US Federal Reserve chair nominee Janet Yellen made clear she is prepared to stand by the US Federal Reserve’s extraordinary efforts to pump up the US economy if she becomes chairman, if that is what it needs.
During a two-hour confirmation hearing before the US Senate Banking Committee on Thursday, Yellen expressed strong support for the central bank’s low interest-rate policies.
And she warned critics that any potential harm those policies pose are outweighed by the risk of leaving a still-weak economy to survive without them.
“I believe that supporting the recovery today is the surest path to returning to a more normal approach to monetary policy,” she said.
Yellen faced tough questions, particularly from Republicans.
However, she also drew praise from senators in both parties and is expected to be confirmed by the full Senate, becoming the first woman to lead the powerful bank.
A committee aide said Banking Committee chairman Tim Johnson plans a vote as soon as possible, potentially next week.
Yellen is likely to win support from most Democrats and a handful of Republicans.
Some Republicans expressed concerns at the hearing about the US$85 billion a month on bond purchases, which have swelled the Fed’s balance sheet to US$3.8 trillion. They are worried that the money flooding into the financial system is inflating stock and real estate prices. And that could be creating asset bubbles, which would have a disastrous impact on the economy if they burst.
Yellen repeatedly assured senators that the Fed is mindful of those risks.
However, she cautioned that there were other dangers if the Fed pulled back prematurely. The economy could weaken further and unemployment could rise.
Pressed by Republicans to specify when the central bank might begin scaling back the bond purchases, Yellen said Fed policymakers assess the risks and benefits of the bond purchase program each time they meet.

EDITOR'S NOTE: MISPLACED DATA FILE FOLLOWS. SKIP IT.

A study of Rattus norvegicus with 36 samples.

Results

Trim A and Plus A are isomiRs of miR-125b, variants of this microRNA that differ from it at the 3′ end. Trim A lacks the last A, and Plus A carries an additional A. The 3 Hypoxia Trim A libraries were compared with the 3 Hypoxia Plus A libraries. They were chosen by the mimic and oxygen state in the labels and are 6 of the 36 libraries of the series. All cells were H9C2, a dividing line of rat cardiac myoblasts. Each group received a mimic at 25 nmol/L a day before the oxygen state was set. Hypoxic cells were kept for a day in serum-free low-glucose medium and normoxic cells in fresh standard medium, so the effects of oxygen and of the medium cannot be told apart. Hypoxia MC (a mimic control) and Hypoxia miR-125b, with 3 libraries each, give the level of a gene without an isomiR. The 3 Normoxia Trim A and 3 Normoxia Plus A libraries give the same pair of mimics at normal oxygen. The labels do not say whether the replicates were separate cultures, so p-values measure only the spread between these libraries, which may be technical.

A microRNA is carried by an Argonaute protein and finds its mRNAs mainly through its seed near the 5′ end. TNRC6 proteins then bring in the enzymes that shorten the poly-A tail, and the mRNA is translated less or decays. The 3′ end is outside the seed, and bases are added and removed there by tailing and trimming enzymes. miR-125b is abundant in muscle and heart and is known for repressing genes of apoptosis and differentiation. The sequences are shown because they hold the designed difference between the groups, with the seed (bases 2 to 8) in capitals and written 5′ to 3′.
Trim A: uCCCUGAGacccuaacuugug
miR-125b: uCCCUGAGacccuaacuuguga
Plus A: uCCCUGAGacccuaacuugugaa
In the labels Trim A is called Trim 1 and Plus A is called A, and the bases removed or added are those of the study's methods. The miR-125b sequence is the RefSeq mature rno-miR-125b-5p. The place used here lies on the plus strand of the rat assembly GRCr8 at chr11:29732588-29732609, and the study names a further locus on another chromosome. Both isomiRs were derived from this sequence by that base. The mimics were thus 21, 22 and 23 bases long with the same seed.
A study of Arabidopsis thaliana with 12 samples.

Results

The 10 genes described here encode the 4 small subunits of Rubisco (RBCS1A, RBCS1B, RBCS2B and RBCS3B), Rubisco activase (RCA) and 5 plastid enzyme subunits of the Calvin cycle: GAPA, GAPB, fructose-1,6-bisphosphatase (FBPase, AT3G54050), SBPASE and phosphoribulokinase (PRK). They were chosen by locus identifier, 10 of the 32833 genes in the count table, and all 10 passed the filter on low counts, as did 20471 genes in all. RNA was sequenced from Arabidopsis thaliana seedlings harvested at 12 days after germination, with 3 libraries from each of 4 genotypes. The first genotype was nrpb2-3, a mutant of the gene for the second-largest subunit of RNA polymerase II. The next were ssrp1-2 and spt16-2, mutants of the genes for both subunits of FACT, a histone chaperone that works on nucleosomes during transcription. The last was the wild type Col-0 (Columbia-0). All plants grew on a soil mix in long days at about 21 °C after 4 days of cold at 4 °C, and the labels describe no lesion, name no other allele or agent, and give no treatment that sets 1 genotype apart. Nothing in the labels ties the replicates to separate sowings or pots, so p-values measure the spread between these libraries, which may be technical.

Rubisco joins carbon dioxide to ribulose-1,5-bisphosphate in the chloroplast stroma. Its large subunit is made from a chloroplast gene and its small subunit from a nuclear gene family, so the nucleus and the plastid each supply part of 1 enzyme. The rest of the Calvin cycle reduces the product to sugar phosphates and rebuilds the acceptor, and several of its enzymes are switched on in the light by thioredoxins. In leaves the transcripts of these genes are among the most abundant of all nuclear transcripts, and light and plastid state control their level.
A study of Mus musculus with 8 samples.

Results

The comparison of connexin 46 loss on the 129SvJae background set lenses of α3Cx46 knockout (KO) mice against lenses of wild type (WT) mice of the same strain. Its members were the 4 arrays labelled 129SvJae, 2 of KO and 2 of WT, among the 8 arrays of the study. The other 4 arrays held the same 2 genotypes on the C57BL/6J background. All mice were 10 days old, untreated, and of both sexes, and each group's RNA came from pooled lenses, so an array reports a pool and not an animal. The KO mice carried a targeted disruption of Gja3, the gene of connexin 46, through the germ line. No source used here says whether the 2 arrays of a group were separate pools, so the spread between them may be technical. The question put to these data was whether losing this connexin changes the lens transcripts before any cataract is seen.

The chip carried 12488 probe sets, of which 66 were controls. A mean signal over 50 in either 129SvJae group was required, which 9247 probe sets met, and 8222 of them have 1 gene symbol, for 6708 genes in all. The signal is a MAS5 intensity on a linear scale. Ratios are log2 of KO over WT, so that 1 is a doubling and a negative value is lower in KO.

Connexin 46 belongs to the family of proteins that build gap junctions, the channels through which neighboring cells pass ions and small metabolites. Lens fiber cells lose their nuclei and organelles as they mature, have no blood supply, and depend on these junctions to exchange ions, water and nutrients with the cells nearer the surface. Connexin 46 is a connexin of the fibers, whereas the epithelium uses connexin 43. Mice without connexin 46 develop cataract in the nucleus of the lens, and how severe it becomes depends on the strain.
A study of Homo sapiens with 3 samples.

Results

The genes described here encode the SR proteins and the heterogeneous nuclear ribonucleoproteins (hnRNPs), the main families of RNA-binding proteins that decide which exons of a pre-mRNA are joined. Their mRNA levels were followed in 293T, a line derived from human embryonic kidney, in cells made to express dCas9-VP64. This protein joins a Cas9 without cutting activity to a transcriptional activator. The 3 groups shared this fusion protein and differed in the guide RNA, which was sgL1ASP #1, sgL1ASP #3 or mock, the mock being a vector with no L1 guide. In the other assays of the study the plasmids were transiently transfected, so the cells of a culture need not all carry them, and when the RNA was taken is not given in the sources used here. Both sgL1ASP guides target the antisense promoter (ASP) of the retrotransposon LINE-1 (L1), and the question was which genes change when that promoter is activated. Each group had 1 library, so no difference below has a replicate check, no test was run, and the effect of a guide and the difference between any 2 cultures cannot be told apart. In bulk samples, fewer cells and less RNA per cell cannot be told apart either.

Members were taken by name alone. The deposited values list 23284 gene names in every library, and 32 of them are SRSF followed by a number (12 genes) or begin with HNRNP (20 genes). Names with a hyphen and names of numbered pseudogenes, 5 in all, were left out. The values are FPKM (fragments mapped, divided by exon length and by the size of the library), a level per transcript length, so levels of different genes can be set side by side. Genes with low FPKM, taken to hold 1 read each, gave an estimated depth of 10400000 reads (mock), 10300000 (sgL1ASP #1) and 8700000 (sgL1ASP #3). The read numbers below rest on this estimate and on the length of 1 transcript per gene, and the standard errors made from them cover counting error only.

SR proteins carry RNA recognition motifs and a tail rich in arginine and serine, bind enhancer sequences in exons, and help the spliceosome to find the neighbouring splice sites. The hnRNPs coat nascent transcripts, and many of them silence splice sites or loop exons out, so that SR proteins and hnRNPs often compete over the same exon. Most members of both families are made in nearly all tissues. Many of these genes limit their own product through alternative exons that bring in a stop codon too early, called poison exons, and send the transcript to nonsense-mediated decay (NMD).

“The committee is looking for ... signs of growth that are strong enough to promote continued progress” in the labor market, she said. “There is no set time that we will decide to reduce the pace of our purchases.”
However, the latest economic data released on Thursday painted a less upbeat picture of the economy.
The US trade deficit widened in September as imports rose to their highest level in almost a year and exports fell for a third consecutive month, suggesting the third quarter growth estimate will probably be lowered.
First-time applications for jobless benefits fell last week, but the decline in claims for the week ended on Nov. 2 was smaller than previously reported.
“The reports reveal a slightly weaker path than we expected for exports and claims levels, which has modestly downgraded the outlook for the economy,” said Mike Englund, chief economist at Action Economics in Boulder, Colorado.
The trade gap increased 8 percent to US$41.8 billion, the largest since May, the US Department of Commerce said.
That compared to economists’ expectations for a US$39 billion shortfall. When adjusted for inflation, the deficit on the trade balance widened to US$50.4 billion, also the biggest since May, from US$47.4 billion the prior month. This measure goes into the calculation of GDP and its rise in September suggested the government will probably trim its initial third-quarter GDP estimate by between 0.1 and 0.2 percentage point, according to economists.
In a separate report, the US Department of Labor said initial claims for state unemployment benefits fell 2,000 to a seasonally adjusted 339,000.
However, claims for the prior week were revised to show 5,000 more applications received than previously reported. The four-week moving average for new claims, which irons out week-to-week volatility, dropped 5,750 to 344,000.